Jonathan Ryan Rajewski was born in Bismarck, North Dakota in 1986. He grew up in mostly the northern lower peninsula of Michigan before moving to Detroit in 2009. He earned a degree in Philosophy from Michigan State University, focusing on the works of Michel Foucault, Gilles Deleuze, and Jacques Derrida. He started painting shortly thereafter. His works have been shown in Detroit, Brooklyn, and New York City.
Jonathan was kind enough to sit down with us for an interview. Here’s what went down:
RA: Your photographs (the ones featured at RAC) depict scenes of urban living. How has living in Detroit inspired you as an artist?
JRR: I should have mentioned this earlier, but, I’m not really a photographer. I am a painter, living in Detroit, who happens to have an old camera. I was more or less poking fun of the “ruin porn” phenomenon happening in Detroit over the past few years. People of other cities really enjoy creating a narrative here of abject poverty and desolation, hopelessness and struggle, and their general response to it is to photograph buildings that are falling a part. Then they go flip them to the New York Times or some other newspaper and make fat dollars — or, at least that’s how I imagine it happens. It is a bit nauseating. I’d imagine there are as many photographers visiting here as there are on a sunny day at Disneyland. A lot of my photographs at RAC are more or less augmented versions of “ruin porn.” Instead of photographing a building with a caved in porch, I did that but added a creepy doll I made. It just felt better. I threw in some other photos from a shoot involving some young kids playing basketball in an abandoned school yard — one of them wearing 3D glasses. To answer your question though, Detroit inspires me because it is vast, gritty, real, alive, open, and without pretense. You rarely have to decipher between the realness of the person and the superficial transcendent image of themselves they want to project on others. That is to say, the community is small, we know each other, and it’s hard to lie about how great you are because everyone knows where you get drunk and say dumb things.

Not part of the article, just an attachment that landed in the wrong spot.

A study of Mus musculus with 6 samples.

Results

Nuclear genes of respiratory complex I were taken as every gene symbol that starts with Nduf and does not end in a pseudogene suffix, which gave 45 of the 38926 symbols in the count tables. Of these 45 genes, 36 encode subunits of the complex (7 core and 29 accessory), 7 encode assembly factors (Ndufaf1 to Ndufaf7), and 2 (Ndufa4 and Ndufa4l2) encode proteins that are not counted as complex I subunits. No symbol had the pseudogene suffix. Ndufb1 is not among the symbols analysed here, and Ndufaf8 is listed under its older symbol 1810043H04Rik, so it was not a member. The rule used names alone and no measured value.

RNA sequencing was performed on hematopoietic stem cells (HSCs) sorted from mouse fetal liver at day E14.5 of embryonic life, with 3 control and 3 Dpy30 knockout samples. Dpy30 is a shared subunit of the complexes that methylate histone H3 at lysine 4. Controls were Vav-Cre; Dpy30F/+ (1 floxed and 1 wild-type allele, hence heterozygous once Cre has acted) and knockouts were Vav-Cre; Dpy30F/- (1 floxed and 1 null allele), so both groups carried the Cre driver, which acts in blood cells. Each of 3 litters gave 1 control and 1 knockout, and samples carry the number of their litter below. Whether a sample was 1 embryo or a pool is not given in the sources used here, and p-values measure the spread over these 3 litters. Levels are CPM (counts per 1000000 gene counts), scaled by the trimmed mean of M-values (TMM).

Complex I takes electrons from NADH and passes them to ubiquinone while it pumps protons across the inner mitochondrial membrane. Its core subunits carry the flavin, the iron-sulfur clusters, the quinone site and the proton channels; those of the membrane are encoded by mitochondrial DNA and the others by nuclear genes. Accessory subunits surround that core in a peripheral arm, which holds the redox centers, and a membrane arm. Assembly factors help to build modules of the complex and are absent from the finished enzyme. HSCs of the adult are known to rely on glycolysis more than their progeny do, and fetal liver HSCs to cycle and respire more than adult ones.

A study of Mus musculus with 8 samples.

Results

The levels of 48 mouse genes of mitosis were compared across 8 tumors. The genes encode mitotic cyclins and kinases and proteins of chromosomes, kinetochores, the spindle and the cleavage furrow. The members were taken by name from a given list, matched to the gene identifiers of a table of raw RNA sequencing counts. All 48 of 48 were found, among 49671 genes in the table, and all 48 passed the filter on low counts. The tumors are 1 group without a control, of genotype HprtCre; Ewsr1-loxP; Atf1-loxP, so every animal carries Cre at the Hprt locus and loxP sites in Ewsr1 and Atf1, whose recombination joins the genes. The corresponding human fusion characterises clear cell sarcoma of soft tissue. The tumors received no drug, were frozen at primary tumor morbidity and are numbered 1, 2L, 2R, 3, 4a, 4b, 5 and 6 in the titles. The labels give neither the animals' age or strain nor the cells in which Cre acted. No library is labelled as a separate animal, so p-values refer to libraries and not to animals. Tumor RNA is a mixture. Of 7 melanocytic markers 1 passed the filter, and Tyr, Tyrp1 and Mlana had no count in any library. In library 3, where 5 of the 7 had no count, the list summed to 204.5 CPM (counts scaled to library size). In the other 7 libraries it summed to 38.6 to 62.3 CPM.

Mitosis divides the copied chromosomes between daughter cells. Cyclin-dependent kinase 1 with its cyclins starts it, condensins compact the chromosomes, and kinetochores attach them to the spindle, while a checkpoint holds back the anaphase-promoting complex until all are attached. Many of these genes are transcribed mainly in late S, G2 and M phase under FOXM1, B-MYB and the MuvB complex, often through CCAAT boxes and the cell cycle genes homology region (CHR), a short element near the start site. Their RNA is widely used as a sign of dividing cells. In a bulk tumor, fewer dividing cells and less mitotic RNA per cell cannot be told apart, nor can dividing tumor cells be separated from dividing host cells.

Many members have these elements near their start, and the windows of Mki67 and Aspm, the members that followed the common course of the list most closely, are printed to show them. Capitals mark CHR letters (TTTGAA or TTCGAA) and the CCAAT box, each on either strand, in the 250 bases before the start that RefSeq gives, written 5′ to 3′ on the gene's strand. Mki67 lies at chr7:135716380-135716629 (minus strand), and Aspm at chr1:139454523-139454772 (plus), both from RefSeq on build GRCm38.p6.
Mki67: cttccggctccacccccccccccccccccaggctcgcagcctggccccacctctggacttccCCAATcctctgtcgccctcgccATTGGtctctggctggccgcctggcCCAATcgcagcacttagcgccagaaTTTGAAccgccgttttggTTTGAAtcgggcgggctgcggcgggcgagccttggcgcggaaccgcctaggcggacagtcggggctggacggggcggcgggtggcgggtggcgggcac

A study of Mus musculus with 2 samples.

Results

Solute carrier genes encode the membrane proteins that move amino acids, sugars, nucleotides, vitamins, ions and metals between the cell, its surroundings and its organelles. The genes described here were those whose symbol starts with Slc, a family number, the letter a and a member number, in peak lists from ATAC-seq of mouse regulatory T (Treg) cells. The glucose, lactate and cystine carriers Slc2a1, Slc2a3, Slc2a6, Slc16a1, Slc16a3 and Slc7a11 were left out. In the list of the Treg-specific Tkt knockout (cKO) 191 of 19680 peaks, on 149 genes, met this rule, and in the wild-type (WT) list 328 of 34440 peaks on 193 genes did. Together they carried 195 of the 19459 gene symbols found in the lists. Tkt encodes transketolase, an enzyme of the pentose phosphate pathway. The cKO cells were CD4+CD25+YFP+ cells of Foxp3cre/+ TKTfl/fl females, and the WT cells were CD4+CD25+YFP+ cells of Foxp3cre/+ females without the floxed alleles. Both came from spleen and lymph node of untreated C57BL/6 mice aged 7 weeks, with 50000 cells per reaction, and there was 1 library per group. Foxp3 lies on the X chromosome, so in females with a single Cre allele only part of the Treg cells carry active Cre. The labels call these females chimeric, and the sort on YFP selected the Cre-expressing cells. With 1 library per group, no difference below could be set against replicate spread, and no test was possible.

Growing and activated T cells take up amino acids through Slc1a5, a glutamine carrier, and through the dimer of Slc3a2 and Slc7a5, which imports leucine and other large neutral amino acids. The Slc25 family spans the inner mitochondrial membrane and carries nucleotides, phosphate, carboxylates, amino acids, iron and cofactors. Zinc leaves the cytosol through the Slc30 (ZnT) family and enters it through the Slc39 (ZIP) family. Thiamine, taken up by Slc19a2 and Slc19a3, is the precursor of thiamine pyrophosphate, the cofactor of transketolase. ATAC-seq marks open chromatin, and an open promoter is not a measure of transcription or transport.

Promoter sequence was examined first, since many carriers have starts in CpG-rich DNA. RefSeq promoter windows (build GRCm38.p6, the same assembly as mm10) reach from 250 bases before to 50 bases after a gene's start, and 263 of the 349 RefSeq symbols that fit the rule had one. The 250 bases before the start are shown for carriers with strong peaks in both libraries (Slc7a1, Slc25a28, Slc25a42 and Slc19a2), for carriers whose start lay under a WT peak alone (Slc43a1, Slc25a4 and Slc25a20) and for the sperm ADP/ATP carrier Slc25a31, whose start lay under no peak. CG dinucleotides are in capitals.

RA: What else influences you as an artist?
JRR: Other artists’ work — both good and bad. Philosophy and language. But most importantly, the multiplicities of a symbol and how they leave things radically left open for further discoveries. I like to use multiple mediums: watercolor, acrylic, oil, ink, spray paint, wine, balsalmic vinegar, et cetera. The way they interact with each other influences me to do things differently or the same.
RA: What bit of advice would you give to a young, aspiring artist trying to succeed in this industry?
JRR: Get a studio. A big one if you don’t live in New York or LA. Make a mess. Make sure you buy a shop-vac if you plan on living in it. Repeat. Don’t listen to what people want you to do. Do what you want to do. Think of art as catharsis. Avoid addiction. Repeat.